If you love food, you don’t read the title of this book so much as see the key items beam out to you like code words: “Noodle”, “Love”, “Pasta”– Access Granted. You know instantly whether the book will be of interest to you. For this reason and several others, On the Noodle Road is hard for a self-selecting audience not to like. Readers will identify with Jen Lin-Liu’s love of food, a love that spurs her to embark on an overland journey from China to Italy, in search of a cohesive history of the noodle. She follows the Silk Road, “a tangle of overland paths that undulated through Central Asia and the Middle East before reaching Italy via the Mediterranean Sea”. Lin-Liu theorizes that by eating and cooking with home cooks in the countries through which she travels, she can trace the history of the noodle in all its incarnations. As a counterpoint to her culinary narrative, Lin-Liu relates her concerns about her new marriage in the wake of her decision to make a mostly solitary expedition.
As founder of a Beijing cooking school, Lin-Liu is in her element writing about the eating or preparation of food. Foodies will recognize her greedy lust for a good meal. Her descriptions of the thinness of a knife, or the translucence of a dumpling wrapper, speak to the level of quality of the delicacies she consumes. One’s appetite is well whet for the recipes Lin-Liu includes at the end of each chapter. (I followed the recipe for “Chef Zhang’s Pork Belly Sauce”; it was simple and excellent.)
Her love of food is almost matched by her knowledge of it. Her expertise allows her to draw insightful connections between the cuisines of various cultures. In Turkey, Lin-Liu realizes that the word manti, which indicates a kind of dumpling, sounds like manta, a steamed dumpling from Kashgar, a far west Chinese city inhabited largely by Turkic Muslims (the Uighur). She notes that one Chinese word for steamed buns is mantou. She makes these connections seemingly spontaneously, as if she is so steeped in knowledge of her subject that similarities occur to her effortlessly.
Other aspects of the book are more labored. Lin-Liu’s doubts about her marriage fail to generate any plot tension, partly because her husband is only vaguely characterized, but also because Lin-Liu is not able to create suspense about the outcome of their relationship. When she expresses her worry, it is usually in the form of a question about whether she and her husband could manage to ever work together in one location, as opposed to moving back and forth from the U.S. to China in different lines of work: “But what if there were disagreements? Who would prevail?” These questions sound like pointless hand-wringing, as Lin-Liu and her husband continue to meet up in various countries, enjoy one another’s company, part ways amicably, and look forward to seeing each other in the next locale. Even aside from this under-dramatized plot thread, Lin-Liu over-relies on questioning as a narrative device: “Were we really just about to enter the Islamic Republic of Iran?” (Spoiler: Yes.). It becomes tiresome.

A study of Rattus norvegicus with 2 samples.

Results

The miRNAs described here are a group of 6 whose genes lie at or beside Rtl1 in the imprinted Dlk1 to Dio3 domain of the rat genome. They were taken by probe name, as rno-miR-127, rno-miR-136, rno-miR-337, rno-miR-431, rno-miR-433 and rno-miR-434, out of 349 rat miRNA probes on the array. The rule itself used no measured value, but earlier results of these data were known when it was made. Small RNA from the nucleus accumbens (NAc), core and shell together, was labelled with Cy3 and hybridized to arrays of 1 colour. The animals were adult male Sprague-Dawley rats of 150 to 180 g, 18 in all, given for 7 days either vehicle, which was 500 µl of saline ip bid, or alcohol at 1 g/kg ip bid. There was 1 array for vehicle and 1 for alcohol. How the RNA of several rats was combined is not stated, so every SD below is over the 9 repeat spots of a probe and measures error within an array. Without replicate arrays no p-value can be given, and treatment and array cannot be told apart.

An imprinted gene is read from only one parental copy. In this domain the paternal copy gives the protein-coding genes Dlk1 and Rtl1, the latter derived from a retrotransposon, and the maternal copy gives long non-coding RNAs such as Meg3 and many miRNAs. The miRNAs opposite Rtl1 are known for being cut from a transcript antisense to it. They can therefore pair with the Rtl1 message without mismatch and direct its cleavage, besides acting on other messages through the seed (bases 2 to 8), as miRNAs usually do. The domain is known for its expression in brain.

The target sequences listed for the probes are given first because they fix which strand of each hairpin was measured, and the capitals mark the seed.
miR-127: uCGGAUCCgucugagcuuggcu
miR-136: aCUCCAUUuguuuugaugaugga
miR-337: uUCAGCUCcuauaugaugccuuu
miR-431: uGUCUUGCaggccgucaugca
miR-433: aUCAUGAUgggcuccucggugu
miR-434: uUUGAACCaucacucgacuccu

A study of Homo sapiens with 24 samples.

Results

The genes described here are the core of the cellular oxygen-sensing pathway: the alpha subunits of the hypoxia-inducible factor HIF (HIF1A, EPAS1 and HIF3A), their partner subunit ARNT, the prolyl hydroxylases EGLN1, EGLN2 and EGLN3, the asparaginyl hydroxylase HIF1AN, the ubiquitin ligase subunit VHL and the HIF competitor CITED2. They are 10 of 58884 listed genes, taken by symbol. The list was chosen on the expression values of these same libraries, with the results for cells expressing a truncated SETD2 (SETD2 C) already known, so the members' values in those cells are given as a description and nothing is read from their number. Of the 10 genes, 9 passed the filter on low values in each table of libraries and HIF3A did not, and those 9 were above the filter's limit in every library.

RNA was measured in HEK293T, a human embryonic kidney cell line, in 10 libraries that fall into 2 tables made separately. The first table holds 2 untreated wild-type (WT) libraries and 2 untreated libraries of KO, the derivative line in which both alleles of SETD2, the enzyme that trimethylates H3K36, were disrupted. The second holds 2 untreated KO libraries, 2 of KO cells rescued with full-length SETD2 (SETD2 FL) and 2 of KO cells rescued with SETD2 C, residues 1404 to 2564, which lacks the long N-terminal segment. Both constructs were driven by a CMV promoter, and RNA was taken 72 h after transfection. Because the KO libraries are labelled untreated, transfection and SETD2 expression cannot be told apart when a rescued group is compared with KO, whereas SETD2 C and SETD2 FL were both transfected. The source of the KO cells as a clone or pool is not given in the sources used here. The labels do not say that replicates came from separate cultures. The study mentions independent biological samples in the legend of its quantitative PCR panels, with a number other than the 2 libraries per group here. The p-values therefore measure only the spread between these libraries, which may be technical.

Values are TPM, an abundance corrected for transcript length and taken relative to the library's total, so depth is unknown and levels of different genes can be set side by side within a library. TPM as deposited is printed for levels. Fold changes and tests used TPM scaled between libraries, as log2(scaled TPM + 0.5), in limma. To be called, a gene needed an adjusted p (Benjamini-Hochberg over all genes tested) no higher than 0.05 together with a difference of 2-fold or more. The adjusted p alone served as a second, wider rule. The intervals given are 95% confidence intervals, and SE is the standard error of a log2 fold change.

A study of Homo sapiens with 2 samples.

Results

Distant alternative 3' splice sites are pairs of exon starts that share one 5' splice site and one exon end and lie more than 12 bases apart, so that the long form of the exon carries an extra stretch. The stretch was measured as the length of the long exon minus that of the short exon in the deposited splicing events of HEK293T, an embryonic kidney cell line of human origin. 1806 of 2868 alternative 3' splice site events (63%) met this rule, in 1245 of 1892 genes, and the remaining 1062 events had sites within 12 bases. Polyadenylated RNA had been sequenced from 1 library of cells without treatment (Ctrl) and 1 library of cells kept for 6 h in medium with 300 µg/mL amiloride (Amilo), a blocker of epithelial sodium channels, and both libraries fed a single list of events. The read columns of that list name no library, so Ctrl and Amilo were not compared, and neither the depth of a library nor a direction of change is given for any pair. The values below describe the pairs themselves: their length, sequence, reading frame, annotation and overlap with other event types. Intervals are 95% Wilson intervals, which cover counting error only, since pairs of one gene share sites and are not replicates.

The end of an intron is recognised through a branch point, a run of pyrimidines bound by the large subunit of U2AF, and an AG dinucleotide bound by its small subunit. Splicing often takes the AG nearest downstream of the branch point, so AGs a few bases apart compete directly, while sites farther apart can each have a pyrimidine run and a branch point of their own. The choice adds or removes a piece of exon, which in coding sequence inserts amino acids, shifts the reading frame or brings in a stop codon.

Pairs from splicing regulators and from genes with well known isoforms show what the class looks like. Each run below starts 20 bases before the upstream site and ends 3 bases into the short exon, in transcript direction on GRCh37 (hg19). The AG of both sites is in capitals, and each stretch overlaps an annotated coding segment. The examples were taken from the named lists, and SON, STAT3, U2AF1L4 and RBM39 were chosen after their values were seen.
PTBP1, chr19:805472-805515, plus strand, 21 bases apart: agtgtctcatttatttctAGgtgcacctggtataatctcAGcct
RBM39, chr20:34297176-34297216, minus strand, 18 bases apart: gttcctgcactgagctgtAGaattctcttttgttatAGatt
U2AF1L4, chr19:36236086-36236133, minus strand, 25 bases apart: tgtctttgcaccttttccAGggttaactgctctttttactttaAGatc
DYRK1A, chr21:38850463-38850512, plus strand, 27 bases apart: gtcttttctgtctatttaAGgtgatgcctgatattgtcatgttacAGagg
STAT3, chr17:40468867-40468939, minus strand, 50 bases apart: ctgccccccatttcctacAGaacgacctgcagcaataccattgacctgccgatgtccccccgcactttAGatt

Lin-Liu does experience some actual drama, stemming not from her marriage but from cultural differences between herself and the people she meets. At one point, a young Uzbekistani woman asks Lin-Liu whether she can help her get to America. The author, understandably at a loss, replies, “What about your family?” The moment is tense and uncomfortable. While it’s clear that there’s no easy real-world solution to such a situation, it would have been interesting to hear more about Lin-Liu’s private reactions to such events. When she does reflect on the treatment of women or the state of marriage in certain countries, it is mainly to compare them to her own marriage and sense of independence. For a book that describes the author’s travels through some of the most repressive regimes on earth, Noodle Road remains noticeably apolitical.
With its underdeveloped subplot and episodic treatment of some of the more compelling material it does contain, Noodle Road lacks focus. At one point we lose the history of the noodle altogether, when Lin-Liu forgoes thematic unity in favor of detailing large portions of her trip that could have been condensed or elided altogether. When she asks, on page 304 of this nearly 400-page book, “What exactly was I pursuing? Was I still trying to discover where noodles came from, or was I just asserting my independence?” one wishes she had come to clearer terms before she wrote the book. It’s hard to follow someone all the way from Beijing to Turkey and find out she’s not really sure where she’s going. Fortunately, Jen Lin-Liu is otherwise a well-informed and likable guide. And the food is certainly good enough to make On the Noodle Road worth the trip.